GREENFIELD — Endurance is the character trait marked by the inward strength to withstand stress, and the Hancock County Character Council may have just run out of it.
The Character Council was started more than a decade ago by Greenfield-Central High School Principal Steve Bryant and Bobby Keen, president and CEO of Hancock Regional Hospital. Their goal was to create a dialogue about character values between parents and their children. Businesses would join the council and bring monthly character lessons into the workplace. At the same time, students would be studying the same character trait at school.
“It would give parents a chance to talk to their children in the evenings about the character quality of the month,” Keen explained. “We could have everybody speaking the same language, about the same qualities, at the same time. That seemed pretty exciting to us.”
So a number of local businesses, including the Hancock County Public Library, Hancock Regional Hospital, Greenfield Banking Co. and Central Indiana Power (now NineStar Connect), became council sponsors and joined in with the local school corporations to adopt the Character First program.
Each month, a certain trait was highlighted. The lesson would be shared in schools, workplaces and at a monthly breakfast, where a speaker would present on the topic.
“It was a time when a lot of schools were looking for character-building programs, and we really liked this one,” said Bryant, the council’s first president. “A lot of the businesses and school corporations adopted it as their character program. It was huge.”
The schools still use the Character First program to teach monthly character lessons. Adult attendance at the Character Council’s monthly breakfast, however, has not remained as steadfast.
Acting Character Council Director Sally Lacy said breakfast attendance has dwindled to just 10 or 15 people each month, down from more than 30 at the height of the group’s activity.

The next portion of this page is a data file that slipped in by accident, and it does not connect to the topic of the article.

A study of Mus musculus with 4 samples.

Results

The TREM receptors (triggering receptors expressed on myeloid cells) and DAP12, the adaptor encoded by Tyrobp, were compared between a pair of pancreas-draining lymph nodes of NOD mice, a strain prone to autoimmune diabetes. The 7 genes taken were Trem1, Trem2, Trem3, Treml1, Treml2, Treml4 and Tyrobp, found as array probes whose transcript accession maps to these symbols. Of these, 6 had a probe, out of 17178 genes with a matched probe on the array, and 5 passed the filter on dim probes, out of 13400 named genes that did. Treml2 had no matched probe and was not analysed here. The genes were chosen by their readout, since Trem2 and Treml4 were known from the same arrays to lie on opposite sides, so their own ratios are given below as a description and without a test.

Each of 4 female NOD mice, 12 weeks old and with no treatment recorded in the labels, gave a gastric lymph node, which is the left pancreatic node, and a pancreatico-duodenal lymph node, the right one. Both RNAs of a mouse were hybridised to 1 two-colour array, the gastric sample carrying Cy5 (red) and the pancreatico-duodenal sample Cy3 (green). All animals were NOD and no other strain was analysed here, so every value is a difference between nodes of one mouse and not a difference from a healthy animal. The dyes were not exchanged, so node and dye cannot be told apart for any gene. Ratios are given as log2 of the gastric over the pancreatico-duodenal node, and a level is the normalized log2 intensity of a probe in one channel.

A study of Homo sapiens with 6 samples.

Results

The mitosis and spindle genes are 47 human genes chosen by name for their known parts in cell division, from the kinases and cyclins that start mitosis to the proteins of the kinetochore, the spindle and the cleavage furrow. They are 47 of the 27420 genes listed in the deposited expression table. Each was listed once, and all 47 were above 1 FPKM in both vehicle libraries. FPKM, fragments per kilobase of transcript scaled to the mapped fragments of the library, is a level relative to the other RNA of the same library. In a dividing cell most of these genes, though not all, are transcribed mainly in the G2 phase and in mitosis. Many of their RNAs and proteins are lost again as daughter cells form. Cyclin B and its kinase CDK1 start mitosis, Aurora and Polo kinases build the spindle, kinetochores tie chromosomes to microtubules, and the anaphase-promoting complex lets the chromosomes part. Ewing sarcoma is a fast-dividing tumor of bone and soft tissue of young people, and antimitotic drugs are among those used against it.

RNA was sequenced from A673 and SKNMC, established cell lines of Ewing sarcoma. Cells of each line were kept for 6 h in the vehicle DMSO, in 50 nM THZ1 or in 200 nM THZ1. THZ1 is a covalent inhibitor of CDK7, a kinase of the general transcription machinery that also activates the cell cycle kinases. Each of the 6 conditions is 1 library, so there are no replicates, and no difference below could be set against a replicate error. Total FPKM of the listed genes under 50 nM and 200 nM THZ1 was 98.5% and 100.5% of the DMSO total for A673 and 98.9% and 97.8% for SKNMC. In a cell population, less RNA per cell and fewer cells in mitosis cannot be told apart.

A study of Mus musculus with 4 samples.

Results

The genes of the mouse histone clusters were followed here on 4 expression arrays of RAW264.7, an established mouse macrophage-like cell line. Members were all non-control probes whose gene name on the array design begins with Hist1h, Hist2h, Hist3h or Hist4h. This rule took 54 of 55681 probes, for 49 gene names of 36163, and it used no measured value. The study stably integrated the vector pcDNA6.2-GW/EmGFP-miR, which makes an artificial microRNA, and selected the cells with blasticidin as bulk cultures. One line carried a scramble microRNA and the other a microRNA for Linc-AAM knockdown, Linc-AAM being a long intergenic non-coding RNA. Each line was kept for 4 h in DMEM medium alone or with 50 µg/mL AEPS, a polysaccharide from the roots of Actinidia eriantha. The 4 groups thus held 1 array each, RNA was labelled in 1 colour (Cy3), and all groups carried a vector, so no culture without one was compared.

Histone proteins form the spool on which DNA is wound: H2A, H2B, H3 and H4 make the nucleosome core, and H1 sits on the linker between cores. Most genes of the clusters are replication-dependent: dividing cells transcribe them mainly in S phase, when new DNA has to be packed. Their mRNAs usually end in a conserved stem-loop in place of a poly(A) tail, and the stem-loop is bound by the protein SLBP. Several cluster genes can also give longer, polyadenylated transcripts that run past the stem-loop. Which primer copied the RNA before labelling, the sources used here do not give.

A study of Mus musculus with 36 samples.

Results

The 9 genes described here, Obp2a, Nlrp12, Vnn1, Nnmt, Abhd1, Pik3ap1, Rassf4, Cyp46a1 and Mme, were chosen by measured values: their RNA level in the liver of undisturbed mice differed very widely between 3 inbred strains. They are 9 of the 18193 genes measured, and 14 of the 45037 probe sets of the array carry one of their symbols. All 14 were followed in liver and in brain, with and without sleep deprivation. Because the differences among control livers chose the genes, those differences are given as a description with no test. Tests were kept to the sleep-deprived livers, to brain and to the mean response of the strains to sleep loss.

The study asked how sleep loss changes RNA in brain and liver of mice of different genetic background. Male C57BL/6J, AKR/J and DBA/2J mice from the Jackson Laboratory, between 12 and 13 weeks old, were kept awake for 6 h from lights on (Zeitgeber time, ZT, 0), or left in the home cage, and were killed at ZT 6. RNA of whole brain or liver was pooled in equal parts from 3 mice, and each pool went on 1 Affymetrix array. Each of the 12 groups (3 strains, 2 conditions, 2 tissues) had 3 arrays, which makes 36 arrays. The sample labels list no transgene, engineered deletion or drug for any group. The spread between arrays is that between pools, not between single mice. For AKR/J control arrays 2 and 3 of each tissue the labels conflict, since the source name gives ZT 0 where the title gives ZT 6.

Without an influx of new blood, organizers say it isn’t worth the time, energy and resources required to keep it going.
“It’s just getting to be too much,” Lacy said. “We felt like we needed new branding, needed some more people from the community involved.
“So we gave a two months’ notice. May was the last breakfast, and if no one shows interest, we will dissolve the board.”
Lacy said she and the other board members – Judy Swift, Sheriff Mike Shepherd and C.O. Montgomery – would like to see the group continue but have run out of ideas about how to make it more useful.
“I think it’s a great thing and can really hit home when you partner it with the schools, but with no more people that attended the breakfasts, I don’t think it was very meaningful to the community anymore,” Lacy said.
Swift said through the years the group has tried different tactics, like new programming and changing the meeting times, to get more community members involved. But none of that has been unsuccessful.
“I would love to see it continue,” Swift said, “but we need new blood. We need people who have a passion for it.”
If no one steps forward in the next few months, the council will disband. But Keen did stress that the end of the council doesn’t mean character development as a whole in Hancock County will be ignored. Schools and some local businesses – including the hospital – will continue character development programming.
“Character is still really important,” Keen said. “We need to be teaching that in our schools and our community.”